The highest hurdle a sequel must jump in order to gain my approval is this simple question: does the film make a strong case for its own existence? This is a pretty rare occurrence, especially outside of genre fare, made increasingly difficult in a cinematic landscape wrought with cash-grab franchises. So imagine my surprise when that hurdle was cleared easily by The Second Best Exotic Marigold Hotel.
Marigold 2 (as it will henceforth be referred) picks up pretty much where we left off, with our group of English seniors now comfortably living in the titular hotel. The manager, Sonny, once again portrayed by a delightfully manic Dev Patel, has been working with Muriel (Maggie Smith) to procure American investors to fund the hotel’s expansion into a franchise. An undercover inspector is being sent to the premises to decide whether or not this would be a smart investment, and Sonny is a wreck trying to please the inspector (Richard Gere) while preparing for his own upcoming wedding. The romance between Evelyn (Judi Dench) and Douglas (Bill Nighy) is beginning to bubble, while the relentlessly horny Norman (Ronald Pickup) fears he may have put a hit out on his girlfriend Carol (Diana Hardcastle). Madge (Celia Imrie) is juggling a bevy of potential suitors, while trying to keep the swanky Viceroy Club, of which she is now a manager, out of the red, and a handful of side characters are scattered about with minor stories of their own.
Much like the original film, Marigold 2 is a bit overstuffed. Trying to juggle the individual stories of about a dozen different characters is no small feat, but despite its excess, the charm of the proceedings is more than enough to make it palatable. Add to that a script that, despite my preconceptions about the elderly sense of humor, has some very quick witted exchanges and even some edgier moments. While there is a lot of chatter about the wisdom of old age, the ability of humans to adapt to change, and the power of love, the film is never preachy, and much like its predecessor, deftly avoids schmaltz.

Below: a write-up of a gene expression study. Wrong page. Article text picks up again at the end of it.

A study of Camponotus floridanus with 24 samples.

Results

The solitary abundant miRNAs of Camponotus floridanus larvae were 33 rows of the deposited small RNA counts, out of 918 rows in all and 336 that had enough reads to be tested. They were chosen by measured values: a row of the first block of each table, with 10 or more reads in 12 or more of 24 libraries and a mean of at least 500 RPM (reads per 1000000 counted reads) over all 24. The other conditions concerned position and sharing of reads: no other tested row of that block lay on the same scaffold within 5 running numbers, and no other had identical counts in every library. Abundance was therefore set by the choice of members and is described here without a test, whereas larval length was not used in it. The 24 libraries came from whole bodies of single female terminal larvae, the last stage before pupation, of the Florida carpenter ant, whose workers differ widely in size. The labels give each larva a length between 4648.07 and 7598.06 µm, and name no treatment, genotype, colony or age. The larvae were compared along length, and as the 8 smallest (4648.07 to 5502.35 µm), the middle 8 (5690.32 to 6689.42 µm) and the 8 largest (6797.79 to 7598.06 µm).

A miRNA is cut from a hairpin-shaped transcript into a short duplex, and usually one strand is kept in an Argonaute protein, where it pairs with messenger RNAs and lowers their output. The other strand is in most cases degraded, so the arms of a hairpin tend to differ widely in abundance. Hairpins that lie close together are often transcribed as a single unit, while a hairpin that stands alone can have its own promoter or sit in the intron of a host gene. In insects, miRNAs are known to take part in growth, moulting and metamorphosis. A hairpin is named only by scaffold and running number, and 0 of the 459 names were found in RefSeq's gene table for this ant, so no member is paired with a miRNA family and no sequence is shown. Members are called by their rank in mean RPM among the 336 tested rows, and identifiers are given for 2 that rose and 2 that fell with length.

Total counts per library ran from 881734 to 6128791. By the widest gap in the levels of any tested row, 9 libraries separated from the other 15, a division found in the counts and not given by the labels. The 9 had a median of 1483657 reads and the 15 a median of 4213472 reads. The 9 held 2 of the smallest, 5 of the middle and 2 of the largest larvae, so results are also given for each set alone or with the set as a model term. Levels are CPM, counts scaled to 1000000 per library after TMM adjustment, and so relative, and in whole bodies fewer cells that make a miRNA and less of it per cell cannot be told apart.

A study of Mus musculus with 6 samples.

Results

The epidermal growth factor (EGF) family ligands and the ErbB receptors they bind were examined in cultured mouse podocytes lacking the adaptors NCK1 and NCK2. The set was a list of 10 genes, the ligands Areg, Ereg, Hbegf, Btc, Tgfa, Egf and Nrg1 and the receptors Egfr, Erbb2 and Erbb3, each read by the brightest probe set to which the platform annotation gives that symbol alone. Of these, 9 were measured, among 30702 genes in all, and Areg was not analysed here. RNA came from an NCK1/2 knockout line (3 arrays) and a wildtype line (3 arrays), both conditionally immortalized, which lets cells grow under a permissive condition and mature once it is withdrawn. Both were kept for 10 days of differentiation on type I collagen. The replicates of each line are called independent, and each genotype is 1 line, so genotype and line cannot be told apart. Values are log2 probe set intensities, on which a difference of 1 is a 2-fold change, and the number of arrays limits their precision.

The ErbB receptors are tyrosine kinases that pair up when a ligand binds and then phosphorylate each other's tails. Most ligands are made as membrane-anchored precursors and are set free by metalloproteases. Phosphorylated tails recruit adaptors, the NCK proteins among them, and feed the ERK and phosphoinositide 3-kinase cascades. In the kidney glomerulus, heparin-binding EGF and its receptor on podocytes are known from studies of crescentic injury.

Perhaps the biggest asset is also the biggest downfall, while the first film was based on a novel, Marigold 2 is not. As a result, Ol Parker’s script has the opportunity to spread its wings and have some fun without having to commit to any source material. However, this also leads to a bit of short sightedness when it comes to realism. For a movie whose central plot line is all about the hotel needing money, there certainly seems to be a bottomless pit of funds available to Sonny. Even the ending, which I will not spoil, is sort of a deus ex bank accountica, which defies explanation, and is almost too convenient to work in a narrative sense. Luckily, by the time the movie wraps up, my tear ducts were welling up and my heart was warm, so logic be damned, I won’t nitpick. Plus, once you throw a Bollywood-style dance number on the table, you have my approval (of all the morals about aging and the passage of time crammed into this movie, my biggest takeaway was that if I die before partaking in a Bollywood dance number, I will not have truly lived).
The Second Best Exotic Marigold Hotel is a charming, delightful movie that you can take your mom to see without fear that you’ll spend the entire time rolling your eyes. It is smart, funny, and tremendously beautiful to look at (seriously, if you don’t want to sojourn to Jaipur after watching this, you’re likely dead inside). The cast is phenomenal, the direction is strong, and the messages of love and hope are just so durned nice that to feel anything but warmth seems impossible.
The Second Best Exotic Marigold Hotel opens today in Philly area theaters.
Author: Dan Scully
Dan Scully is a film buff and humorist living in a tiny apartment in Philadelphia. He hosts the podcast I Like to Movie Movie and is the proud father to twin cactuses named Riggs & Murtaugh. Also, he doesn’t really mind when Batman kills people. Follow him on Twitter and Letterboxd.